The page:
Enology Notes


To: Virginia Vintners and Prospective Vintners

From: Bruce Zoecklein

Subject: High pH and high TA, The power of macromolecules

High pH and high TA. This season some of you processed fruit with high TA's and high pH's-how is such fruit chemistry possible? Grape pH and TA are linked to environmental conditions (ambient temperatures, canopy temperatures, soil moisture, soil oxygen etc.) and potassium concentration.

A plant enzyme system (hydrogen potassium ATPase) regulates the uptake of soil potassium (K+) into the vine. Potassium ions are exchanged one-for-one with hydrogen ions(H+). The pH is a logarithmic measure of the hydrogen ions present. The greater the potassium concentration, the fewer the hydrogen ions and the higher the fruit pH.

This season we had optimum conditions for this enzyme system, cool and wet. As a result, we saw an increase in fruit potassium and the elevation in pH, even at relatively low Brix values. In most grape growing seasons in Virginia, the warm day and night temperatures greatly reduce the TA as a result of malic acid respiration. This season, because of the relatively cool weather, the malic acid remained relatively high. Naturally, site variation can influence enzyme activity. There are also significant differences in the hydrogen potassium ATPase activity among cultivars.

Substantial increases in pH as a result of cold soaking and/or skin contact are the result of the high potassium loads in the fruit. Those with high pH and TA wines must contend with how to produce a structurally integrated product. Some sur lie involvement may be helpful.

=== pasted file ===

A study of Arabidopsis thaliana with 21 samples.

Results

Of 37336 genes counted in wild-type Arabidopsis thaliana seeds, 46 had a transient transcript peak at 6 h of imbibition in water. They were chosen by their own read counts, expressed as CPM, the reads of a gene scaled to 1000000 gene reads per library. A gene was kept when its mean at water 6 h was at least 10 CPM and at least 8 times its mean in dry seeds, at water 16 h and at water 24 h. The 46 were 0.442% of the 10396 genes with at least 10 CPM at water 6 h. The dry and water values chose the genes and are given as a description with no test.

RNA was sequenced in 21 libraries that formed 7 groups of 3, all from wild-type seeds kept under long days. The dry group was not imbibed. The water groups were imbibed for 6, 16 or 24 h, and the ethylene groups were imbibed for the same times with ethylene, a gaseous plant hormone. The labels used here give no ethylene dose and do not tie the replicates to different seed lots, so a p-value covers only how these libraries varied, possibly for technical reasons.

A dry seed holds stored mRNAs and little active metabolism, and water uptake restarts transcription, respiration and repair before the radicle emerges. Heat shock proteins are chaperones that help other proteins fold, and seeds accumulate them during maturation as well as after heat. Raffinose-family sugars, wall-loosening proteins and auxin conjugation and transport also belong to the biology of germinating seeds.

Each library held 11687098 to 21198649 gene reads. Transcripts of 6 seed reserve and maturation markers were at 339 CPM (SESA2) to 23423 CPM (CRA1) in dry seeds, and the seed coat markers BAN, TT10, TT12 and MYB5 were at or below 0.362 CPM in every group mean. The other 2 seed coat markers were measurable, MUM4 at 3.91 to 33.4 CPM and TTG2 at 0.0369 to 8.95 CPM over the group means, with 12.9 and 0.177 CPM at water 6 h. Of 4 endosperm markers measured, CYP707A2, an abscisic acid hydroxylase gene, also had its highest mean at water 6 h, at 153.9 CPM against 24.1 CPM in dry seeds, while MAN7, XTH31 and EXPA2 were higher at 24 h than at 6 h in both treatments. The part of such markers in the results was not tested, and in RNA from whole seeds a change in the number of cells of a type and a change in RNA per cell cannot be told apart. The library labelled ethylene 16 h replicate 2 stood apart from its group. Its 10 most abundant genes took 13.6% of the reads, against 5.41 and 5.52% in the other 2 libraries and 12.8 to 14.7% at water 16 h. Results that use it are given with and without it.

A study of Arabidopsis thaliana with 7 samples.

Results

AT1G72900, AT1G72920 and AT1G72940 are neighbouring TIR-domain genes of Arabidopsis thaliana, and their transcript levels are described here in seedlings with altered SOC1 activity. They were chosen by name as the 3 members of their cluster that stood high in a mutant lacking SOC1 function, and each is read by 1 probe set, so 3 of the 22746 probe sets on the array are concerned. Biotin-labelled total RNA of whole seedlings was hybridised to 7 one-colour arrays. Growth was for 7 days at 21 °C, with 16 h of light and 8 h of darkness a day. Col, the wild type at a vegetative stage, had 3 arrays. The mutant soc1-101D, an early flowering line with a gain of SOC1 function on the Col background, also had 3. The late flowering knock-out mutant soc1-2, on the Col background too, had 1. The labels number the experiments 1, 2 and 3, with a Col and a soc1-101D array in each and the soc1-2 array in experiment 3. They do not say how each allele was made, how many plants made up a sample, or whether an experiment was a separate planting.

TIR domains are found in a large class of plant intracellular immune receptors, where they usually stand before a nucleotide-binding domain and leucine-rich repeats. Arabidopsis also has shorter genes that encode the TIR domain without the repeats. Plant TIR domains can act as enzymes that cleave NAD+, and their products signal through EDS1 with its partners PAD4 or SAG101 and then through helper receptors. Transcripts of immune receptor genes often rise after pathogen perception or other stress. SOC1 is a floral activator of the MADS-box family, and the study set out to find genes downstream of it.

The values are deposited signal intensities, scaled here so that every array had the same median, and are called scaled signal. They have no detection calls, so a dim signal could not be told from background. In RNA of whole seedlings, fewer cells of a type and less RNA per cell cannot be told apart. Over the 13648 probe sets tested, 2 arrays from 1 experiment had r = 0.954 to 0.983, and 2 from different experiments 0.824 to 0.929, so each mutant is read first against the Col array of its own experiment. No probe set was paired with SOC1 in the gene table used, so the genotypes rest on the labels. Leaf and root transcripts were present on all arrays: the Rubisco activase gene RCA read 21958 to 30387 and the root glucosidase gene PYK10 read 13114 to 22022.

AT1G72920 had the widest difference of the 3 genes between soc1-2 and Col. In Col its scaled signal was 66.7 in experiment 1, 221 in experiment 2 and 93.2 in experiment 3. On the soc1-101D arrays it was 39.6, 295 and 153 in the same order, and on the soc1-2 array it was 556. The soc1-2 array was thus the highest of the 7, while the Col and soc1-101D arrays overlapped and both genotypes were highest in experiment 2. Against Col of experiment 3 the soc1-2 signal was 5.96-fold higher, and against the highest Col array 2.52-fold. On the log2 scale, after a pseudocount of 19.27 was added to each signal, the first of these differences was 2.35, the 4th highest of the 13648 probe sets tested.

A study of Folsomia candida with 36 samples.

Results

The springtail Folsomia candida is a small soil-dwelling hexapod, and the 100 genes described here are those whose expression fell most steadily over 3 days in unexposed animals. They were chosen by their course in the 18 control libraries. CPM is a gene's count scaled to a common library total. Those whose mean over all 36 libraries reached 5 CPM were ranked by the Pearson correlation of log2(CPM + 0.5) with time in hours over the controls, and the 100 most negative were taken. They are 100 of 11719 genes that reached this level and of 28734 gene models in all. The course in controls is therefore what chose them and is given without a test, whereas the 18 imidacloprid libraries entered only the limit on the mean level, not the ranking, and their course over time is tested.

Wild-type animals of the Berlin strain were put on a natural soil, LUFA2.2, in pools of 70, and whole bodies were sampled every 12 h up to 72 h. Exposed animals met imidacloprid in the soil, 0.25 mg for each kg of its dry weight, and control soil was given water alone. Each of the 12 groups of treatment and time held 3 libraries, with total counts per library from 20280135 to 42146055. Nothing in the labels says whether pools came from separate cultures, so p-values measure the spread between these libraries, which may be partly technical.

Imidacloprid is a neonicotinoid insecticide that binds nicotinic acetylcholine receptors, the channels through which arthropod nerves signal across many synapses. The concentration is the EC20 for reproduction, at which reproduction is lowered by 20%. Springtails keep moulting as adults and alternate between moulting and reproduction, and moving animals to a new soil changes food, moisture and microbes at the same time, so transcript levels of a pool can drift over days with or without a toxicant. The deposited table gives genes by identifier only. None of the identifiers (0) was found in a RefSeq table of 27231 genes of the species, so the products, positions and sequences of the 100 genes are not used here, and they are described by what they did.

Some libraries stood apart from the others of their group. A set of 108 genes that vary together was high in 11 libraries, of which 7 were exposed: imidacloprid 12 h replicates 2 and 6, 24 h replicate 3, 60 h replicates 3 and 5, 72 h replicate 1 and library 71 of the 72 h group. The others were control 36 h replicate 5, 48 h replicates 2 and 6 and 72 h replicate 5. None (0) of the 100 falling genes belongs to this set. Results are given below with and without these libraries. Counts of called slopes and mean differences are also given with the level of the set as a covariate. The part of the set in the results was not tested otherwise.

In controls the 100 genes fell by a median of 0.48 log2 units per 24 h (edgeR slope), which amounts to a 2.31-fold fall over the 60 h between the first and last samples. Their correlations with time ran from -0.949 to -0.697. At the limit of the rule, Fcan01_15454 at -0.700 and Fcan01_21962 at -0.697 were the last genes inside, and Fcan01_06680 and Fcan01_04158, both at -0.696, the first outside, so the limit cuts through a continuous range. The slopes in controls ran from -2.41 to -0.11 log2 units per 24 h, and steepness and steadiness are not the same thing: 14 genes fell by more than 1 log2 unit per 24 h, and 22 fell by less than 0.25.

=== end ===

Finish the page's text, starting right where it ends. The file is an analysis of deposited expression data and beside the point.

The power of macromolecules. During sur lie storage, yeast components such as cell wall polysaccharides and particularly mannoproteins are released into the wine. These macromolecules can positively influence structural integration, phenols (including tannins), body, aroma, oxygen buffering and wine stability. The interest in lees utilization goes beyond barrel-fermented Chardonnay.

Yeast derived macromolecules provide a sense of sweetness as a result of binding with wood phenols and organic acids, aiding in the harmony of a wine's structural elements. The natural fining that occurs contributes to reducing the yellow tones in whites and helps to protect against oxidation of certain fruit aroma compounds.

Consider utilization of light, >clean lees= to enhance structural integration. Some use lees to increase the complexity of tank-stored wines. If you have such an interest but are concerned with the potential of reductive tones, use lees that have been in barrels for two months or more. Such lees posses all of the desirable features, but are much less likely to cause reductive problems. Using >barrel aged= lees is particularly important if you intend to store sur lie in tanks greater than about 1000 gallons. The low oxygen concentration at the bottom of such tanks can create problems. Naturally, a careful sensory evaluation of the lees should be conducted.

Proper utilization of lees may be an important stylistic tool for reds as well as white wines. After fermentation, red wines are frequently settled and barreled. Transfer of light lees into barrels is a tool some use to add structure and complexity to reds. A disadvantage of such a practice is the loss of some red color, not a problem this season.

For most reds, I recommend some settling post-fermentation, aeration when racking off the heavy lees, estimating the non-soluble solids content (lees), then mixing while barreling down to obtain an equal distribution.

Anyone interested in a simple procedure for determining the lees content or more information on the subjects of fruit pH/TA, structural integration and/or sur lie storage can contact my office.